Election campaigns

2.10The law on election campaigns is comprehensively set out in Part II of the Representation of the People Act 1983 as amended by the Representation of the People Act 1985, the Political Parties, Elections and Referendums Act 2000 and the Political Parties and Elections Act 2009.

The maximum expense which may be incurred by a candidate or the agent for a candidate is £8,700 for a county or a borough seat, plus a further 9p in a county constituency and 6p in a borough constituency for every entry in the electoral register. For a candidate in a by-election, the limit is £100,000.1 The personal expenses of the candidate are not taken into account in calculating the maximum. Where the Parliament sits for more than 55 months after the date on which it first sat, separate limits (termed pre-candidacy limits) also apply from that moment until the person becomes the candidate.2

The Political Parties, Elections and Referendums Act 2000 imposed, for the first time, limits on national expenditure by political parties and others to promote the election of candidates. The limits for parties are whichever is the greater of £30,000 per constituency contested or £810,000, £120,000 and £60,000 for elections contested in England, Scotland and Wales, respectively. There are special provisions if the campaign period for a general election overlaps with that for other elections.3

The Representation of the People Act 1983 also limits the amount that third parties can spend in support of a candidate. The Transparency of Lobbying, Non-Party Campaigning and Trade Union Administration Act 2014, s 36, set out reporting requirements in connection with such third-party expenditure.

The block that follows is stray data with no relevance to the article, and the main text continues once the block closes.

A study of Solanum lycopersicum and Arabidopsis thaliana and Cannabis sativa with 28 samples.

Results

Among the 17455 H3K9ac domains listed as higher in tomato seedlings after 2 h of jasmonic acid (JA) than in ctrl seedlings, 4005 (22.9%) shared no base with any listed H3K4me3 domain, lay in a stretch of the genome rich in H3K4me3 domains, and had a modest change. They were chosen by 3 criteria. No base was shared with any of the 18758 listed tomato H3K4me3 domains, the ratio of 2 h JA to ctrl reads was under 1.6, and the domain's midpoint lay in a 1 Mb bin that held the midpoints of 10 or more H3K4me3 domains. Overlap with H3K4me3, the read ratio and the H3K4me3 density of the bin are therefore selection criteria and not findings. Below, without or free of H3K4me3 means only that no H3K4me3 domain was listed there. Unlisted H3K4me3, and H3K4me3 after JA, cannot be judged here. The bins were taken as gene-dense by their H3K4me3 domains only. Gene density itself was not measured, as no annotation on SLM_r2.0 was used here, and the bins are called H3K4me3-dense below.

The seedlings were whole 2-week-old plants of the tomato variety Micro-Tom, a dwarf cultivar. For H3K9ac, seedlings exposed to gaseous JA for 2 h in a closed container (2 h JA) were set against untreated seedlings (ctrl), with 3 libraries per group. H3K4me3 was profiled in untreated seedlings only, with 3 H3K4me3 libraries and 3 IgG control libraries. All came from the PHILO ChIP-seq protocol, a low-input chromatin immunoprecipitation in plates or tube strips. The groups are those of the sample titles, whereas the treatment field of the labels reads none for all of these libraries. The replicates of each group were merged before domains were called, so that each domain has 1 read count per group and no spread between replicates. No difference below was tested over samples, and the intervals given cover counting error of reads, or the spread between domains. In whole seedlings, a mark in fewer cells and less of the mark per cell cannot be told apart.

Under the Political Parties, Elections and Referendums Act 2000, s 5, the Electoral Commission is required to publish a report following each general election, and it has issued reports on each general election since 2001, giving the voting results, and the expenses incurred by candidates, political parties and third parties.4 The Commons sessional resolution regarding bribery is no longer passed, given that there is statute law on corrupt practices at elections.5

Footnotes

  1. 1. Representation of the People Act 1983, s 76; Representation of the People (Variation of Limits of Candidates' Election Expenses) Order 2014 (SI 2014/1870).
  2. 2. Political Parties and Elections Act 2009, s 21.
  3. 3. Political Parties, Elections and Referendums Act 2000, schs 9, 10.
  4. 4. This replaces a procedure whereby, shortly after a new Parliament was elected, an address was presented to the Sovereign for a Return showing the expenses of each candidate at the general election, together with the number of votes polled by each candidate, the number of polling districts and stations, the number of electors and the number of persons entitled to vote by post, eg HC 260 (1998–99).
  5. 5. For example, CJ (2002–03) 1; and cf CJ (1778–80) 507. The third report of the Procedure Committee HC 333 (2002–03) recommended that the passing of the Sessional Orders and Resolutions relating to elections, witnesses and the Votes and Proceedings should be discontinued. The last time they were moved was on 26 November 2003.